Why Legal Representation is a Must
Corporate Attorney Bruce Brodkey Counsels New Business Owners
The decision to buy or sell a family business is typically the most significant investment and cash out respectively that a person can make during their lifetime. Unfortunately, times have long past where a handshake between parties was sufficient to close the sale of an established business. The rise of lengthier and more complicated purchase agreements and the increasing prevalence of governmental restrictions and regulations require that a sophisticated business person needs to assemble a team of professional advisors prior to undertaking such venture.
Smart investors, place competent professional advisors in key positions in this process. This team should include not only a knowledgeable law firm, but also an accountant, investment advisor and, depending on the type of transaction, business appraisers, real estate brokers, and construction experts.
In most occasions, the attorney should be involved from the outset and throughout the negotiation, due diligence periods and closing. That attorney can be of critical assistance in the following activities:
Choice of Entity
For Buyers, a decision needs to be made with the help of counsel as to whether a purchasing entity ought to be formed as a limited liability company, corporation or partnership. The client’s needs and the type of specific transaction often dictate the type of entity that should be formed.
The lawyer is best situated to negotiate the general terms and conditions of the agreement. While the lawyer frequently is not involved in negotiating the economic terms, counsel is needed where critical matters are to be negotiated. These include allocation of the purchase price between the various asset classifications, the protection of the client in the various warranties, representations, indemnities and from the creditors of the Seller.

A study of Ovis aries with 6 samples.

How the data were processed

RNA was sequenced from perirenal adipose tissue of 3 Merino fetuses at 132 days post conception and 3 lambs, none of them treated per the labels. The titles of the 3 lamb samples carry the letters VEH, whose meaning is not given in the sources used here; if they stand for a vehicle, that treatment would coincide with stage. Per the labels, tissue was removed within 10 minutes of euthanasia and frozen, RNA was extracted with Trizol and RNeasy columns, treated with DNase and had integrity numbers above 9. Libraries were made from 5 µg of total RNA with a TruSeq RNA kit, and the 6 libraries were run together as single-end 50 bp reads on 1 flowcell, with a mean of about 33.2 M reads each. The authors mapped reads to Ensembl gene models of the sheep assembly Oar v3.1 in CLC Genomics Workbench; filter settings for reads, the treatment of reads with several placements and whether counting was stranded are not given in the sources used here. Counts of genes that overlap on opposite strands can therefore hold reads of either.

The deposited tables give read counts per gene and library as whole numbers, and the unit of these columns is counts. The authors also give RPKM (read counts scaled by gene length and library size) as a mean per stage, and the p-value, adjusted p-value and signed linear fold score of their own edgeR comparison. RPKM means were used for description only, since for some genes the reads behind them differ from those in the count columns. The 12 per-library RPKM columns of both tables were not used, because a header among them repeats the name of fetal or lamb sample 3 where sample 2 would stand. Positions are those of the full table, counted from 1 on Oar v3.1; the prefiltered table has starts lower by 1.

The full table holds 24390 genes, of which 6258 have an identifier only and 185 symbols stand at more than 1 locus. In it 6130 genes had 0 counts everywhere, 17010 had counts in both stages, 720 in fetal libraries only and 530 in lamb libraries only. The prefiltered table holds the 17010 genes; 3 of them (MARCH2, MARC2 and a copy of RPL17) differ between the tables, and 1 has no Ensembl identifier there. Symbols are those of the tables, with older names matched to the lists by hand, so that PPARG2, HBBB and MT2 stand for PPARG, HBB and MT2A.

In most agreements, Buyer has the right to conduct its “due diligence” regarding the business of the Seller. Frequently, this examination includes a thorough review of tax returns, profit and loss statements, qualified and non-qualified retirement plans, financing details, interviewing key personnel, performing environmental testing reviews and assuring that governmental regulations do not act as a significant impediment to closing. The lawyer and the other professionals, play key roles in these investigations, which is essential to an intelligent purchase of any business.
The lawyer is involved with the preparation of all required documents for closing. Typically these involve Bills of Sale, Promissory Notes, Non-Competition Agreements, Security Agreements, Leases, Option Agreements and a myriad other documents that may be necessary and convenient for final closing. No Buyer or Seller wants to leave the closing table with any documents not fully executed.
A lawyer is an integral person in an assembled team of qualified professionals to service the client in any business transaction. In my 43 years of practice, the early engagement of competent professional advice and guidance through the purchase or sale transaction is well worth the relatively small expense. Proceeding without the necessary team is fraught with potential oversights and probable problems after the fact.